DEAR ABBY: When I was 12, my family moved to New Jersey. It was a difficult time in my life. Lucky for me, I made a best friend across the street, "Janie." We spent all our time together. I loved being at her house because it was a happy one, unlike my own home. (My mom was erratic and unhappy, and it affected our whole family.)
A year later, Janie learned her family would be moving to Ohio. I was devastated. The day the moving truck came, Janie and I were inseparable. The driver was a young man in his 20s named Randy.
When Janie and her family left in their car, I sat on the curb outside my house sobbing. When the loading crew finished, Randy started the truck, then turned off the engine. He got out and came and sat beside me on the curb and told me how someday my pain would lessen.
He said I was a special person, and shared a little about his own family who was far away. Then he took a ring off his finger and said he wanted me to have it. It was a Marines ring his grandfather had given to him. He insisted I take it, gave me a hug and drove off.
When I went into my house and my mother saw the ring, she said, "What did you do to get that?" It made me feel dirty and I didn't understand why. So I sent the ring to Janie and asked her to please return it to Randy, which she did.
In the years that have followed, that man's generosity and compassion have stayed with me. It helped me to believe in myself when things in my family seemed dark. Since then, when I have seen people who were hurting, I have tried to do what Randy did -- make them feel better.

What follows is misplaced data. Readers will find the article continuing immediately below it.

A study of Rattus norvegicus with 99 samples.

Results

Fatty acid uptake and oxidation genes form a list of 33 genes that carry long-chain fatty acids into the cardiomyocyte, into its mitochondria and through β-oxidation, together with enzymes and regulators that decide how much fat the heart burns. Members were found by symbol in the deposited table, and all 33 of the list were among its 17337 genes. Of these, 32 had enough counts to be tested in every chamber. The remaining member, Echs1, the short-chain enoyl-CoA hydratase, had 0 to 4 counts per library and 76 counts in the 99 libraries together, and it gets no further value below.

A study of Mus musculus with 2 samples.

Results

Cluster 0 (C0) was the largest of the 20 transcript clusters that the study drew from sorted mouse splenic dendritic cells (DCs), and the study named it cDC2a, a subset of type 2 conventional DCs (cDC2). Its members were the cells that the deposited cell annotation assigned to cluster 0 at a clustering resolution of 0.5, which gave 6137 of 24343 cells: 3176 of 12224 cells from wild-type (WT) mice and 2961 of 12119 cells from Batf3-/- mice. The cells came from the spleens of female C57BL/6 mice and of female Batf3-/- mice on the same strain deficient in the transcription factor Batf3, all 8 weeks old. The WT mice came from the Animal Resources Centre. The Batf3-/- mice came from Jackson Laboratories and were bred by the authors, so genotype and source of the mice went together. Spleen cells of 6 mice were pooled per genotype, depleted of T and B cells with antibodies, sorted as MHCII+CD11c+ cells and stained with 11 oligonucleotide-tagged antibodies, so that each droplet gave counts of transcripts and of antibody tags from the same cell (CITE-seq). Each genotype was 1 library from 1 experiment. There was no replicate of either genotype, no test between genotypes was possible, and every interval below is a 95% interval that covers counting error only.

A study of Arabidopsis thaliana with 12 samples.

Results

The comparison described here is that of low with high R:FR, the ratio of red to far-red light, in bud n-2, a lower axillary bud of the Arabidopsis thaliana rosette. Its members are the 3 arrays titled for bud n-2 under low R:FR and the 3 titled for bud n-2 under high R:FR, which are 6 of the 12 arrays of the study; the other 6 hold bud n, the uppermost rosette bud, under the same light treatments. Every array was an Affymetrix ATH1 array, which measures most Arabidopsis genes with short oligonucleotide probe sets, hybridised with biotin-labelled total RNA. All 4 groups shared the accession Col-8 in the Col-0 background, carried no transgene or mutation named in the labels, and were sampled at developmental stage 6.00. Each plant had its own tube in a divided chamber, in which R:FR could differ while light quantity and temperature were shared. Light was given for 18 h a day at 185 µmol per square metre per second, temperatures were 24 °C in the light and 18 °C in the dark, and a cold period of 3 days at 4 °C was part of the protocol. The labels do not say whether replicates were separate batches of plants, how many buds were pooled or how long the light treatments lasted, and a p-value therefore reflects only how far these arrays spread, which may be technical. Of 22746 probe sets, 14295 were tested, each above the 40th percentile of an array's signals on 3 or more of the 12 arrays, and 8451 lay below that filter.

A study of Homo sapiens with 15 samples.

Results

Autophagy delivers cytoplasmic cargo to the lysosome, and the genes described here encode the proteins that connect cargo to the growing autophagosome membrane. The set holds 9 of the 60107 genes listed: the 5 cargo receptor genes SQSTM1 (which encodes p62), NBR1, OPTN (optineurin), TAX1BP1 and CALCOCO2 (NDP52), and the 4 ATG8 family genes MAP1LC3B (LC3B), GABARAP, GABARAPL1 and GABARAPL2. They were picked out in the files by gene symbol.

Sadly, I have never known how to find him to thank him. Randy: Wherever you are, please know how much of a difference your kindness made in my life. -- STILL GRATEFUL IN TEXAS
DEAR STILL GRATEFUL: You are living proof that what goes around comes around. One simple act of kindness made an impact on your life, but you have multiplied it many times over by continuing to pass it on.
DEAR ABBY: When setting someone up for a date, do you think it is important to share the person's race? My friends and I have no problem with interracial relationships, but other people, unfortunately, sometimes do. I would hate to put someone in a situation where a date rejected him/her or is rude because of race.
Our friend "Jena" set up a girlfriend, "Joan," who is Chinese, on a date with a white man. Joan knew what the man looked like and was fine with it, but when Jena showed the man a picture of Joan (who is gorgeous), he made an excuse and backed out. We hate to think what he may have said to Joan if he'd gone into the date "blind."
What do you think, Abby? We dislike prejudice, but we want to avoid hurting anyone in the future. -- COLORBLIND IN MELBOURNE, AUSTRALIA
DEAR COLORBLIND: When arranging a blind date, the usual practice is to give each party as much information about the other as possible. Because it's part of the "package" you're offering, race should be mentioned to prevent any surprises.
However, you may have drawn the wrong conclusion about the man in this case. Has it occurred to you that he may have backed out because Joan is so gorgeous that he was intimidated? Many beautiful women have complained about having this problem.
Dear Abby is written by Abigail Van Buren, also known as Jeanne Phillips, and was founded by her mother, Pauline Phillips. Write Dear Abby at www.DearAbby.com or P.O. Box 69440, Los Angeles, CA 90069.